Trayvon Martin's Final Phone Call Minutes Before His Death
1 year ago
Girl spoke with Martin while he was being chased by Zimmerman.
While many of the witnesses in the Trayvon Martin shooting were inside their houses when they heard arguing and gunfire, one witness was on the phone with him before his tragic death.
Yahoo News has learned that Martin was speaking to a 16-year-old girl on the phone, who remains unidentified, moments before his untimely death.
The teenage girl spoke to the Martin family attorney, Benjamin Crump, about the last moments of Martin's life.
"He said this man was watching him, so he put his hoodie on. He said he lost the man," Martin's friend said. "I asked Trayvon to run, and he said he was going to walk fast. I told him to run but he said he was not going to run."
The girl then said he began to run thinking he would escape, but eventually bumped right back into Zimmerman.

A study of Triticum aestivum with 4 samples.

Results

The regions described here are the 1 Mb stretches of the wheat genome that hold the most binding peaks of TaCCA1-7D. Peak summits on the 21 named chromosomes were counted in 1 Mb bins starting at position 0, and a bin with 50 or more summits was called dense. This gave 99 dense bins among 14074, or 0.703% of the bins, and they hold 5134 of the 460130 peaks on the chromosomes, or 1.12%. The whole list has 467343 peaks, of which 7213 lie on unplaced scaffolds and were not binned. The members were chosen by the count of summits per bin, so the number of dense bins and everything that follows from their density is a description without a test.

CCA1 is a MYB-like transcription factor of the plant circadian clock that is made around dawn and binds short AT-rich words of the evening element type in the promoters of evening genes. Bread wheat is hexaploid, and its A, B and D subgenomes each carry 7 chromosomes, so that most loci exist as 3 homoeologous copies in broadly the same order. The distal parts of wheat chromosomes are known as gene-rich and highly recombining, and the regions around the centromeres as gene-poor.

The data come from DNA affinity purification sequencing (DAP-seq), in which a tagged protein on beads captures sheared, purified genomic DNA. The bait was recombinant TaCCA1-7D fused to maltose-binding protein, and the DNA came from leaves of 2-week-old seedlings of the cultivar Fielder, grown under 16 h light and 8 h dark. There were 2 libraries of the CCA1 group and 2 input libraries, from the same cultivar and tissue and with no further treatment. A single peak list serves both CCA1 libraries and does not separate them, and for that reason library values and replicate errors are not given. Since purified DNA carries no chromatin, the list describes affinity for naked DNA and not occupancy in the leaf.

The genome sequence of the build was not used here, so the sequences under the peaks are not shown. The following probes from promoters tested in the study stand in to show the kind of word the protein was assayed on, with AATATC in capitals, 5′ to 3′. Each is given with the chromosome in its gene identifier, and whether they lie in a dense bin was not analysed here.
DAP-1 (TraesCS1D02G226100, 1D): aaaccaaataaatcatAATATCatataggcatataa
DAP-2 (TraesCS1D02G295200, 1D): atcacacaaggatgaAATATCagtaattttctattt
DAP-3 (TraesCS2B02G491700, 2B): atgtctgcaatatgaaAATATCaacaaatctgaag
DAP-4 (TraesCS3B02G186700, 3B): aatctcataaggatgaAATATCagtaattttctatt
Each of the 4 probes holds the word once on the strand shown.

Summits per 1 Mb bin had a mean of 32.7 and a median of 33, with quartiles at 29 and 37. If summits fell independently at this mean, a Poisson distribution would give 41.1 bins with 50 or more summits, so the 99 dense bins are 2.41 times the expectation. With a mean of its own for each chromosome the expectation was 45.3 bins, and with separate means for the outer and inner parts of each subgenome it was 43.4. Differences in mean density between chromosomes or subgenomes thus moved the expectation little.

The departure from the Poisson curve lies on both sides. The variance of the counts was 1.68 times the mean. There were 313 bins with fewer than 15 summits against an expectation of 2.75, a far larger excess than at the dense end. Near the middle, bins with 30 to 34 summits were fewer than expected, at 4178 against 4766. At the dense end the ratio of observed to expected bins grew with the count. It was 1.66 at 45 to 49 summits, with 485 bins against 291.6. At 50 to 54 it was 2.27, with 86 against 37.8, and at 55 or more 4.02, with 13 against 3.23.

"Trayvon said, 'What, are you following me for,' and the man said, 'What are you doing here.' Next thing I hear is somebody pushing, and somebody pushed Trayvon because the head set just fell. I called him again and he didn't answer the phone."
Martin's parents listened to the call along with ABC News.
"He knew he was being followed and tried to get away from the guy, and the guy still caught up with him," Tracey Martin said. "And that's the most disturbing part. He thought he had got away from the guy and the guy back-tracked for him."
The FBI, Florida Department of Law Enforcement and the Department of Justice will probe the case. The DOJ released a statement last night:
"The department will conduct a thorough and independent review of all of the evidence and take appropriate action and the conclusion of the investigation. … The government must prove beyond a reasonable doubt that a person acted intentionally and with the specific intent to do something which the law forbids. Negligence, recklessness, mistakes and accidents are not prosecutable under the federal criminal civil rights laws."